A Letter from Leslie Mancuso, Jhpiego President and CEO
- Mothers and their daughters wait to be seen at a rural health clinic near Narok, Kenya.
Connecting Girls, Inspiring Futures. That’s the theme of International Women’s Day 2012. At Jhpiego, we believe that a girl’s chance at a bright future begins with her mother. Our efforts around the world focus on ensuring pregnant women receive the attention and care they need to give birth to a healthy baby.
Prenatal care, birth preparedness information, skilled attendants at birth and proper feeding and care of a newborn, these are essential for a woman to survive childbirth, prepare for motherhood and give her newborn a healthy start. More than 350,000 women a year don’t survive childbirth.
In many places where Jhpiego works in the developing world, girls become mothers before they are 16. Having a skilled, respectful health care provider assist at birth could mean the difference between life and death for the mother or her child.
Salama Khatib was one such young wife. Home alone, Salama, 15, of Zanzibar, was in labor for eight hours before her family brought her to the local health facility. Salama gave birth to a premature baby. The midwives at the facility, supported by Jhpiego, coached Salama in Kangaroo Mother Care–the practice of skin-to-skin contact in which a mother swaddles a baby to her chest to keep her baby warm and facilitate breastfeeding. With such care, Salama’s baby began to grow and thrive.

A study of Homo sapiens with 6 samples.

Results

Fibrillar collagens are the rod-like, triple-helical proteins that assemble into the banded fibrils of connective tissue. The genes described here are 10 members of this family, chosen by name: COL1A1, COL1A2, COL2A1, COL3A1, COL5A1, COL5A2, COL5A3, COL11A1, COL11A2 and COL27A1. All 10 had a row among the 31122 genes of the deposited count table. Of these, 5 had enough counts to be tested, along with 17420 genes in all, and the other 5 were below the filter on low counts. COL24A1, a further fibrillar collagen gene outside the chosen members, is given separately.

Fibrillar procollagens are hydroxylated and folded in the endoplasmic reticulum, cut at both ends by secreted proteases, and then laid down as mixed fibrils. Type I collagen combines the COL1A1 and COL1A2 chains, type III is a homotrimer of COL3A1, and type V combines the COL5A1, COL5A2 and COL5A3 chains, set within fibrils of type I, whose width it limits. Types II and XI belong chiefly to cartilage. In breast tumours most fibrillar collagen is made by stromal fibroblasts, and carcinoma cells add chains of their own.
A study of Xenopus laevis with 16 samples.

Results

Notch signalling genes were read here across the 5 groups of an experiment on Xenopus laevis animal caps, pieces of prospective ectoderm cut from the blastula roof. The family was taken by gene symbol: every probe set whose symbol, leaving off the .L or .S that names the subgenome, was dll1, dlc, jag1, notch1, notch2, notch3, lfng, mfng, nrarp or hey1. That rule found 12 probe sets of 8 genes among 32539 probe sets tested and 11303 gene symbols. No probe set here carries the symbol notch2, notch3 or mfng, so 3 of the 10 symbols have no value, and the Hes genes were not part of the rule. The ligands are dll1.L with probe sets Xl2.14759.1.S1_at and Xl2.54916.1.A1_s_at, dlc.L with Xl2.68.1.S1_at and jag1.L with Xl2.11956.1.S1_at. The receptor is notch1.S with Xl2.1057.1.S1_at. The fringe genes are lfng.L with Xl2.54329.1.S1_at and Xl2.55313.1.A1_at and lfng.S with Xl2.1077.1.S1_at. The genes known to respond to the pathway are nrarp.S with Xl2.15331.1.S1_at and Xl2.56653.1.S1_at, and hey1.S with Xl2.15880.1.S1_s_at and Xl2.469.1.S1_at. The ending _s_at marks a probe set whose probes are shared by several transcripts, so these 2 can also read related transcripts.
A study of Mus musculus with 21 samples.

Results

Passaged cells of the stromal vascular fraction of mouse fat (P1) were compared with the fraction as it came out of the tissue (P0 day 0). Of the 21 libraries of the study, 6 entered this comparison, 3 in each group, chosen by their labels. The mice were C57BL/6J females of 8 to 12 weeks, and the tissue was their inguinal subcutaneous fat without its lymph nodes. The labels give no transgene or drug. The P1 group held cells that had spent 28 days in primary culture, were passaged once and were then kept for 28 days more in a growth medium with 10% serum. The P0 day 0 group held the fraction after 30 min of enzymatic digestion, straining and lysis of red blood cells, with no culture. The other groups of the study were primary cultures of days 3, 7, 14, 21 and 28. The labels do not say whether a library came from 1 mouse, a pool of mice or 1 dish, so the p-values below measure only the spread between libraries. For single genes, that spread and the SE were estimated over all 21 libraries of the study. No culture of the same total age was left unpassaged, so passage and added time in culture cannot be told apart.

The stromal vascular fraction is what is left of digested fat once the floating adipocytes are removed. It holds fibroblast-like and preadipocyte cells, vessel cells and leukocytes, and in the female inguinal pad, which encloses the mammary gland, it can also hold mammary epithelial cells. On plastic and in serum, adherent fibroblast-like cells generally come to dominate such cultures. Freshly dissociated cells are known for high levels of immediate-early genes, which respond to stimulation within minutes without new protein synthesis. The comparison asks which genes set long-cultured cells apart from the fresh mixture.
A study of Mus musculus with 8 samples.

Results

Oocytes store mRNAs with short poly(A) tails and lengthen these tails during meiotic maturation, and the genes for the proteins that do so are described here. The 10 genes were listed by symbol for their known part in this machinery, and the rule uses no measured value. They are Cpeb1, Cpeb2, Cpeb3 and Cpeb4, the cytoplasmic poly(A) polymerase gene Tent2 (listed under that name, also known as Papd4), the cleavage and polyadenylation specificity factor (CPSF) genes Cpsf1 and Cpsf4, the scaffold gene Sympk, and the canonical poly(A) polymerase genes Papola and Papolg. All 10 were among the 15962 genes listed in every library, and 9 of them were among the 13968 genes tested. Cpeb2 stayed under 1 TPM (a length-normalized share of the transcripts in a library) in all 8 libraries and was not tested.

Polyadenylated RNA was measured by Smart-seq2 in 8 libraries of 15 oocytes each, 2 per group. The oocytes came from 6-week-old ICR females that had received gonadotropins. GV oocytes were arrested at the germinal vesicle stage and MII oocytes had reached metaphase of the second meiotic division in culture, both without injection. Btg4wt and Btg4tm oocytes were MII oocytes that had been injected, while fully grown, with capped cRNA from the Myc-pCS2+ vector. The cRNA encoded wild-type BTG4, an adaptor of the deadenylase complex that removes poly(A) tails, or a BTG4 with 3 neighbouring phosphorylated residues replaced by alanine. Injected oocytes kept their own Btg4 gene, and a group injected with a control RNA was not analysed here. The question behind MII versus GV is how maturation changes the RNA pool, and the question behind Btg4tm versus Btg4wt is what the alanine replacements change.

These midwivesplayed a key role in giving Salama’s baby a healthy start. They also counseled Salama and her husband on healthy birth spacing–waiting a minimum of two years before getting pregnant again–so that they could safely plan and care for their family.
Through Jhpiego’s leadership of the U.S. global flagship Maternal and Child Health Integrated Program (MCHIP), to its education of midwives and nurses, to efforts to prevent cervical cancer, girls and adolescents are gaining access to quality health care and information.
We are committed to this work because we know that healthy, educated girls develop into women and mothers who make important decisions for themselves and their family–decisions that have the potential to positively impact their community, their country and the world.